Having to go home while their triplets stayed in the neonatal intensive care unit (NICU) was a helpless feeling for Jana Gallus and Gregor Martynus.

Gregor Martynus, the triplets' father says, "Every time we had to leave them there, yeah, it was very hard."

Then they learned of a new way to help their babies even when they couldn't be at the hospital.

Researchers are studying a device called a Pacifier Activated Lullaby (PAL). It's a lullaby written and sung by the babies' parents when they successfully suck on the pacifier.

Jenna Bollard, a researcher at UCLA Mattel Children's Hospital says, "They love it, especially when they hear their parent's voices, they want to keep performing."

This is critically important for preemies born before 34 weeks, who often struggle to feed because they haven't developed the reflex to suck, breathe, and swallow.

Jeanna Bollard says, "Sometimes it's the last thing that needs to happen before an infant is discharged from the hospital is their ability to feed orally with strength and endurance."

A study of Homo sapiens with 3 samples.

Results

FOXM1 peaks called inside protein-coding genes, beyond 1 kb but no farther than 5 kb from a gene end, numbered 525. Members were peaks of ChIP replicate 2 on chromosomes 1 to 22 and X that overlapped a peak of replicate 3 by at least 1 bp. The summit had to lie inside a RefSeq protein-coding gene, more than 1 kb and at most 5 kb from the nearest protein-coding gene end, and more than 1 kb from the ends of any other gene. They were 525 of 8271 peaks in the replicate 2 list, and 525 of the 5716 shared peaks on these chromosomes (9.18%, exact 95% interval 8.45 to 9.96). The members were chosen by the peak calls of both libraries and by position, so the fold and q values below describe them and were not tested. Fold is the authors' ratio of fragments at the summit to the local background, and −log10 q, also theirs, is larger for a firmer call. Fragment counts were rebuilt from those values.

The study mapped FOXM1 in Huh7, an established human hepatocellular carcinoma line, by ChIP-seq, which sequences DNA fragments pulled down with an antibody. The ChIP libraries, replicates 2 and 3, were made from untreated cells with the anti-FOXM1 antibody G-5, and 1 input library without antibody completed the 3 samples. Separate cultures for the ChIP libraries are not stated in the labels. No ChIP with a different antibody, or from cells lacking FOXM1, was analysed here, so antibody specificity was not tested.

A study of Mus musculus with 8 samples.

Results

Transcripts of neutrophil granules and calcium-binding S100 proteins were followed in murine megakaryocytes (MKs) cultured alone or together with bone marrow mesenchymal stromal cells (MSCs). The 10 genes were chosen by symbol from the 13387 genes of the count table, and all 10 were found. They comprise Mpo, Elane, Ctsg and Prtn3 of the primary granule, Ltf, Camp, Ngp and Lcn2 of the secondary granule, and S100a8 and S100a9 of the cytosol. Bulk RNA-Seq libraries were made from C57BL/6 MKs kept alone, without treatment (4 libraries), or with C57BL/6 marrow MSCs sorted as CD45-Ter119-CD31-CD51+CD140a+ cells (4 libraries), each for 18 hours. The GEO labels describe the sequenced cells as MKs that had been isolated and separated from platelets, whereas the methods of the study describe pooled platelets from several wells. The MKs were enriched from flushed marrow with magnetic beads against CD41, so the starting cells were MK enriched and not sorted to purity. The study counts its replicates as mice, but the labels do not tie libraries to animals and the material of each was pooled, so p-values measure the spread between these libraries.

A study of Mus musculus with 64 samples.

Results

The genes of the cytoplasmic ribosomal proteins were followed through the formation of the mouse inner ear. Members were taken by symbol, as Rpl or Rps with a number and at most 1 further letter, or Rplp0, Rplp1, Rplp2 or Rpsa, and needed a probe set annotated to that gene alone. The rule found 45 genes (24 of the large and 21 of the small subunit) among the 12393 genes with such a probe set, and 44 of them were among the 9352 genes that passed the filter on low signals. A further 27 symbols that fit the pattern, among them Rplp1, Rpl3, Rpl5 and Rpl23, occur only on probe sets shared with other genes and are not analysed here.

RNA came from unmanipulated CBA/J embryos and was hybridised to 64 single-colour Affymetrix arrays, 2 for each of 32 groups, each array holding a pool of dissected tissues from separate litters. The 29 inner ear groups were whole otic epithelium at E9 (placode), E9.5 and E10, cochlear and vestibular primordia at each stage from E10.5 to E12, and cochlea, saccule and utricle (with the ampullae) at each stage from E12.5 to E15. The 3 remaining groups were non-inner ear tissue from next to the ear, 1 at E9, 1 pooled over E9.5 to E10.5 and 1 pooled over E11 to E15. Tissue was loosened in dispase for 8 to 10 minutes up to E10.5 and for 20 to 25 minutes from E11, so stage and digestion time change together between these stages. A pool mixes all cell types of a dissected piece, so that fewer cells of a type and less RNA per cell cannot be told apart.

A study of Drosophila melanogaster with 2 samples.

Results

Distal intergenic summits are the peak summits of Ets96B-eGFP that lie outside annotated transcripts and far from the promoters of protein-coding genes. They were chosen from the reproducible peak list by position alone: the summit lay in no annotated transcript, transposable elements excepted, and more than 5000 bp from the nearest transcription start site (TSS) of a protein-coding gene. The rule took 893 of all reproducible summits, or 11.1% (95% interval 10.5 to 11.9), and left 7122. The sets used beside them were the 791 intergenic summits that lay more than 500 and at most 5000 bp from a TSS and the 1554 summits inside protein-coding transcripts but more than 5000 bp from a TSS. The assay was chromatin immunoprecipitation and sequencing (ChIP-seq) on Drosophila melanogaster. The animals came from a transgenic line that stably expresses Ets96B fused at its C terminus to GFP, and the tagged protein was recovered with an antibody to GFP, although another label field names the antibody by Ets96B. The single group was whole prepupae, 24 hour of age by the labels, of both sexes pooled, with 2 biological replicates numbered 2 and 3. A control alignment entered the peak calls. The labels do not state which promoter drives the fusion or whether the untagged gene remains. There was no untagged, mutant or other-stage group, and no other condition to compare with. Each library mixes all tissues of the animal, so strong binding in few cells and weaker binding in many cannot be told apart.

Seventy-percent of preemies improved their proficiency using a pacifier when the PAL device was used, a skill that's important for feeding.

In hopes to shorten hospital stays while also empowering parents and easing their own emotional distress while their babies are in intensive care.

Registered Nurse Shelly Frisco says, "There's a role here that you play that no one else can fill that void, and it's critical and it's powerful."

Gregor Martynus says, "It helped us as parents, I think, just as much."

With the help of the PAL device, all three of the triplets fed better, grew stronger and were able to go home together at 52 days old.

Now they are healthy babies growing by the day and their parents say music continues to influence their development, just as it has since their first days in the world.

Jana Gallus, their mother says, "They're all healthy and there's really nothing more we could wish for."

With positive results for both babies and parents, experts are hoping that more hospitals will adopt the technology to help shorten stays in the NICU, reducing healthcare costs and helping families take their babies home as soon as possible.

Channel 3 checked with both Erlanger and Parkridge, but neither hospital has the "PAL" program at this time.